By Anett Ume, MA, RD, LDN
There is a significant amount of misleading information about healthy eating, and it can be challenging to decide what to believe on the internet and what is false promotion. Registered dietitians are experts who have the knowledge and experience in helping clients figure out a way to eat that works for them. Finding the middle ground between mindless overeating and obsessive calorie counting is key. The goal is to enjoy a variety of foods in the right amount. Although everyone is unique with different needs and preferences, here is a quick guideline to healthy eating according to a dietitian from Family Food:
1. Eat when you are hungry.
Healthy eating starts with mindfulness and knowing when you are hungry. It takes some time to adjust your mind and body to listen to signs of hunger if you have not done that in a while. Such signs include feeling low on energy or hearing your stomach rumble. Too often, we eat in response to stress or boredom. Identifying this behavior is the first step in avoiding unnecessary eating.
2. Stop eating when you are full.
Some may find it difficult to stop eating because they enjoy the taste of food too much. Our body is smart enough to tell us when we are satisfied. Ignoring those signals (stretched stomach, decreased appetite) can lead to weight gain and unhealthy eating behaviors. An easy trick can be using smaller plates to remind yourself about healthy portions.
3. Eat regularly.
Sticking to the exact meal times every day can be challenging, however, it has its benefits. Eating around the same time consistently helps our circadian rhythm stay regulated and leads to better health outcomes such as reduced risk for metabolic and chronic diseases. Try to have all your meals within a 12-hour window during the day, with most of your meals consumed earlier in the day. Contrary to common American habits, dinner should be the lightest meal of the day. Consistent eating patterns are especially important for those who take certain medications, have diabetes or reflux disease.
4. Load up on fiber.
Fiber can be found in all fruits, vegetables, and whole grains. It is an important part of a healthy diet and should be consumed daily to prevent heart disease and promote healthy guts. High-fiber foods are typically lower in calories, they increase and prolong satiety by slowing down the speed at which foods get absorbed. Therefore, fiber is a key component of a healthy weight management strategy. Add fruits to your breakfast and snacks: top your cereal or pancakes with berries or bananas, and eat oranges, apples, grapes, pears, and melons just to name a few. Include veggies in your meals as much as possible. Examples might be steamed broccoli and carrots, a side salad, veggie soup, and vegetable stir fry. Choose whole grain cereals, oatmeal, whole wheat bread, and brown rice to further increase your fiber intake.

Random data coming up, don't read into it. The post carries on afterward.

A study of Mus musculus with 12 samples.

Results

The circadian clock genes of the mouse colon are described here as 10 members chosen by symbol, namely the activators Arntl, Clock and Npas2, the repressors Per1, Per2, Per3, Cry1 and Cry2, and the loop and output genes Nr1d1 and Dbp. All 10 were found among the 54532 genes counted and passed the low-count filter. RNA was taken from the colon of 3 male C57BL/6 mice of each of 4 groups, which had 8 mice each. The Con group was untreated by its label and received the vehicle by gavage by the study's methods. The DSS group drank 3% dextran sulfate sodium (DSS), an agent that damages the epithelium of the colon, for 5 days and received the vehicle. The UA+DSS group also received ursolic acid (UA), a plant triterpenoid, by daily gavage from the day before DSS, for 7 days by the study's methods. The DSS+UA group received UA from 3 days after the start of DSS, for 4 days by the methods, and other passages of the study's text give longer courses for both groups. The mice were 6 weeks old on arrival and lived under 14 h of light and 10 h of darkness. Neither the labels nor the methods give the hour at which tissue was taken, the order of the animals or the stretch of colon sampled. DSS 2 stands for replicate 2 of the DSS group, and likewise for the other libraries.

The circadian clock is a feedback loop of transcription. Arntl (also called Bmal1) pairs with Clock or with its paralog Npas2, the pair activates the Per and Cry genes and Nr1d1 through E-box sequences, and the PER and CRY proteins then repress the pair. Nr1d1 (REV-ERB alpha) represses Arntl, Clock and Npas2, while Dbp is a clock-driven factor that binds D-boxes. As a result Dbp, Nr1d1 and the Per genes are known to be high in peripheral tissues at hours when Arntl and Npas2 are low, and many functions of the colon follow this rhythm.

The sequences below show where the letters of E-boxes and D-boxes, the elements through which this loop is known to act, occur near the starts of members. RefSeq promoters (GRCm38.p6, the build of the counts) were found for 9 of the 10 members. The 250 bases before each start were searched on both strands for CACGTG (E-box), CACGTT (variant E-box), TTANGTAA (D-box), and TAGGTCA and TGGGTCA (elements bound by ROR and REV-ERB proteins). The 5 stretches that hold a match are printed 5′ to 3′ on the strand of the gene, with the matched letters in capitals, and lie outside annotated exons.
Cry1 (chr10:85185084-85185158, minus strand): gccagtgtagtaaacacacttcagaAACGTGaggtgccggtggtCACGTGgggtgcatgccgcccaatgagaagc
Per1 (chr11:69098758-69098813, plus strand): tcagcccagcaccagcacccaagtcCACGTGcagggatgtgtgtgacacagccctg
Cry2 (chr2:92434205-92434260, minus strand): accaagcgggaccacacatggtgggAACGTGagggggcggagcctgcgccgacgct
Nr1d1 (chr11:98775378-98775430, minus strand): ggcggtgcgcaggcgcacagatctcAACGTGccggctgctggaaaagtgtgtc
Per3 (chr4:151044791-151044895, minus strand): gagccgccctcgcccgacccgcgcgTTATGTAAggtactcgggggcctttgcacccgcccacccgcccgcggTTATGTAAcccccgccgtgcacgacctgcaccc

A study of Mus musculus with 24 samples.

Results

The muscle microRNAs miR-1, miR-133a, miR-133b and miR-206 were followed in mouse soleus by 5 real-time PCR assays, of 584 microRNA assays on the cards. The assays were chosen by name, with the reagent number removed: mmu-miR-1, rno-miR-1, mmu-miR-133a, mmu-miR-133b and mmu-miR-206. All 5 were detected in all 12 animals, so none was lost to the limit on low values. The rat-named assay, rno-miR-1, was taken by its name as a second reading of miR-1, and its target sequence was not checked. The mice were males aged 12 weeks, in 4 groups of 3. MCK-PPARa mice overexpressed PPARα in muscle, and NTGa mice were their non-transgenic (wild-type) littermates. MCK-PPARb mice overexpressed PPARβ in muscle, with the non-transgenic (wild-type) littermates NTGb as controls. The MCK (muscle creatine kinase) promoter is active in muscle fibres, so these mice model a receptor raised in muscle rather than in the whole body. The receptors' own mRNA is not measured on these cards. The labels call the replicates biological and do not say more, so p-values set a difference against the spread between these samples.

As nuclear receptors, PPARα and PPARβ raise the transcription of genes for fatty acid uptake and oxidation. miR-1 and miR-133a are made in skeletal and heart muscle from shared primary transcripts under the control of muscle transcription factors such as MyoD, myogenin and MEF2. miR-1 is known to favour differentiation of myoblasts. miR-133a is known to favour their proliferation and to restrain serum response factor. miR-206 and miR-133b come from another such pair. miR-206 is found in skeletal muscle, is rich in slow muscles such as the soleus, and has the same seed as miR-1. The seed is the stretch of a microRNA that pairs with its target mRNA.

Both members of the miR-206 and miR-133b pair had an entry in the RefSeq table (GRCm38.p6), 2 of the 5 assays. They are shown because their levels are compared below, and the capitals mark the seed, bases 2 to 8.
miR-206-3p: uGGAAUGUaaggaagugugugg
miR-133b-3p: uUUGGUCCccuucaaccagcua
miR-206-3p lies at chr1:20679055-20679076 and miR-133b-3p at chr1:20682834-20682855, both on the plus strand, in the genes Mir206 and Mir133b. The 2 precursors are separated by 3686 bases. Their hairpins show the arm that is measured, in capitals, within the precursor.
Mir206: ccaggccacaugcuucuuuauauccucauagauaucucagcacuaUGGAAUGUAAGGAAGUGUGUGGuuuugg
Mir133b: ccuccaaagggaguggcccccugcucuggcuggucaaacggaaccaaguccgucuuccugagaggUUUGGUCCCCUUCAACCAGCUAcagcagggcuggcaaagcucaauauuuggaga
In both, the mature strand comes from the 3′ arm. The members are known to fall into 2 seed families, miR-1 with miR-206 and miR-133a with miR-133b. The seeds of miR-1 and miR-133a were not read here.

5. Focus on healthy fat.
Consuming greasy, fatty foods regularly is linked to high cholesterol, heart disease, and obesity. Instead of frying, try other cooking methods like baking, sautéing, or steaming. Investing in an air fryer is an excellent way to eat your favorite foods but with less oil. When you cook with oil, use a little bit of canola, olive, or corn oil as they contain the healthy kind of fats, called unsaturated fats. Healthy fats such as omega-3 help with normal functions of the brain, lower blood cholesterol, and reduce inflammation in the body. Eat fish and seafood weekly, as well as unsalted nuts, walnuts, avocados, peanut butter, and seeds to take advantage of their health benefits.
6. Add protein.
Protein is found in every part and tissue of our body, providing structure and function. Eating adequate protein also helps maintain muscle mass and growth, so it is especially important for children and the elderly. Choose healthy protein food sources such as lean meat, turkey or chicken, seafood, beans, lentils, low-fat milk and dairy, eggs, peanut butter, nuts, and seeds. Adding protein to your meals also fills you up for a longer time.
7. Limit added sugar and sodium by reading the label.
When talking about healthy eating, it should be also clear what foods need to be limited in our diet. It means that they should be consumed in moderation, occasionally, and not excessively. These are foods with high added sugar and sodium content. Typically, convenience, processed and fast-food products contain the highest amount of these two ingredients. They also tend to be high in calories: Pizza, microwaveable meals, chips, sugary cereals, candy bars, cupcakes, fries, and soda. The best way to control how much we eat of them is by reading the label for added sugar and sodium content. Added sugar should be less than 24 grams per day for women and 36 grams for men. Our daily sodium intake should be less than 2000 mg for all genders. Children should consume even less than the above limits.